Putting an End to Darwinian Competition in Europe
A new book criticizes the EU's competition policy as destructive and instead calls for a competition of innovation-with an active state steering wage and fiscal policy.
PUBLISHED10. FEBRUARY 2022
READING TIME5 MIN
The idea of competition is the pillar of the European single market. Firmly anchored in the four fundamental freedoms, it reflects sympathy for an ordoliberal ideology that sees competition itself as the force of progress. Hardly anywhere is it greater than in Germany, which has cemented its mantra of competitiveness in massive export surpluses. Admittedly, this only works because other economies absorb the surpluses – in the form of deficits.
In a region like the euro zone, where there is no longer any possibility of currency appreciation or depreciation, fierce competition creates enormous political and economic pressure to lower wages and make labor markets more flexible in order to remain attractive to foreign capital and competitive. Since the euro crisis, this is even more true. According to the neoclassical paradigm, which sees competition as a prerequisite for economic development, Europe should hence have prospered more than almost any other region. In reality, the opposite has been the case.
This is where the recently published book ‘Clash of Nations‘ by development economist Dr. Patrick Kaczmarczyk comes in. A doctoral fellow of the UK government’s Economic and Social Research Council (ESRC) at the University of Sheffield’s Institute of Political Economy (SPERI), he explains in his book that the competitive dogmatism prevalent in Europe is – contrary to popular belief – anti-developmental in its Darwinian nature. He proves his thesis with the help of two “frames of reference.” One – theoretical – is the economist Joseph Schumpeter, the other – practical – is the German automotive industry. In doing so, the author explains his points in a comprehensible, non-technical manner; the book can easily be read by an audience outside the field.
Competition according to Schumpeter
Famous for his concept of creative destruction, the Austrian development economist Schumpeter is also a vehement critic of neoclassical equilibrium thinking. Unlike neoclassicism, which assumes that the economy always strives toward equilibrium and regards technological progress as an exogenous factor, Schumpeter defines development as something that only comes about through innovation, i.e. the creation of something new. It is precisely this Schumpeter to whom Kaczmarczyk refers in his book in order to theoretically substantiate that instead of the quantity of competition, it is rather its quality that is important. Competition has quality when companies secure their margins not by combining a given productivity with lower wages, but by investing. In doing so, he also breaks with the assumption that innovative competition is always about efficiency, as the Darwinian competition model of neoclassicism insinuates.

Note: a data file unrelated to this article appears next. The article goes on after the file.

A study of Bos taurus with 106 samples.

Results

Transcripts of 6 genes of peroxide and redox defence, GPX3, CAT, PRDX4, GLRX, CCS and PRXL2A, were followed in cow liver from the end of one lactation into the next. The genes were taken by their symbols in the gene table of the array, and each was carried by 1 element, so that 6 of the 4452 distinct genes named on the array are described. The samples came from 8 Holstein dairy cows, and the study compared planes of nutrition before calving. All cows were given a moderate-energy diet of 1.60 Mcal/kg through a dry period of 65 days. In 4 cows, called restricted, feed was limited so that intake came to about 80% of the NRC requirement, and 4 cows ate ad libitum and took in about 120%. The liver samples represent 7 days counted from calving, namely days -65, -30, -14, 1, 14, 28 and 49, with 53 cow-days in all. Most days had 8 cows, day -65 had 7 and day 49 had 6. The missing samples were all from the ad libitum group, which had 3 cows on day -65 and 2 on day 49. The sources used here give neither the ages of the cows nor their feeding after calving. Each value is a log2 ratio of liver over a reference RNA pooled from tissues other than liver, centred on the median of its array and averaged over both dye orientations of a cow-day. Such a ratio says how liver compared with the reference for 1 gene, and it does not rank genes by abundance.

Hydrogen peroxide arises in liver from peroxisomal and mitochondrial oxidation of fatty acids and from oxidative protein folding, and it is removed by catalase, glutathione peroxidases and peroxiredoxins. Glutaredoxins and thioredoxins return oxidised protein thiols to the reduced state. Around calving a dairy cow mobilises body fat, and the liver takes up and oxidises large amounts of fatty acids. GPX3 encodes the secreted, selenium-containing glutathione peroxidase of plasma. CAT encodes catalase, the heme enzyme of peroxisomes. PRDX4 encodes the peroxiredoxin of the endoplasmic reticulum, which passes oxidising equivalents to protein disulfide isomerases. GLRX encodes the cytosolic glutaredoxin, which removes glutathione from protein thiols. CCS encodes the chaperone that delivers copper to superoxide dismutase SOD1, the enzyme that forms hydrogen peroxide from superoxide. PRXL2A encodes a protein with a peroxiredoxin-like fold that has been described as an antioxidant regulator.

Kaczmarczyk argues that there is currently no room for innovation in the eurozone, as this would mean short-term inefficiencies that firms cannot afford in a competitive market. He uses the example of the German automotive industry to illustrate the practical consequences of this.
The Darwinian model student automotive industry
German carmakers are often regarded as Germany’s showcase industry – a flawed impression according to Kaczmarczyk’s analysis, as they have high nominal profits but low cash flows (cash receipts in the companies’ bank accounts). Sales are financed by the company’s own automotive banks, into which 3-4 times as much money flows as into development and research. According to the author, the industry has been able to gain market share not primarily through its technical edge, but through production outsourcing and price wars in the refinancing market. “The industry optimizes instead of innovating,” writes Kaczmarczyk – and thus ranks as a prime example of Darwinian competition.
All in all, the book paints a bleak picture of European economic policy up to this point. To promote real economic progress, Kaczmarczyk calls for a move away from “state vs. market” thinking and for a state that strategically directs economic activity in terms of wage and fiscal policy. In this way, the author joins a growing number of economists who are calling for a more active, a better state; a state that acts in a mission-oriented manner. Even in the German government, Olaf Scholz is now a prominent representative of mission-oriented policy.
Kaczmarczyk calls on policymakers to set a framework that leaves companies no choice but to invest. This presupposes a level playing field, he says, in which companies can only gain competitiveness through higher productivity. To achieve this, he sets out three minimum requirements. First and foremost, the ECB must be given formal permission to buy government bonds, even on the primary market, in order to put an end to different yields on government bonds – and thus to spreads that distort competition. It also calls for a wage policy aligned with the inflation target (a golden wage rule (1), orchestrated by the state), which would also have to be applied internationally, where it should be linked to direct investment to create compulsory incentives for innovation – and to prevent countries from gaining unfair advantages by lowering wages. These demands are likely to cause at least some controversy in Berlin and Brussels, even though it was Schumpeter who suggested that the state should play the role of ephor in financing and the decision-maker in important investment issues. That the neoliberal paradigm has failed in relation to reality is proven not only by Darwinian competition. However, with its analysis of European competition and the German automotive industry, ‘Kampf der Nationen’ certainly provides a further impetus to rethink the common narrative of success.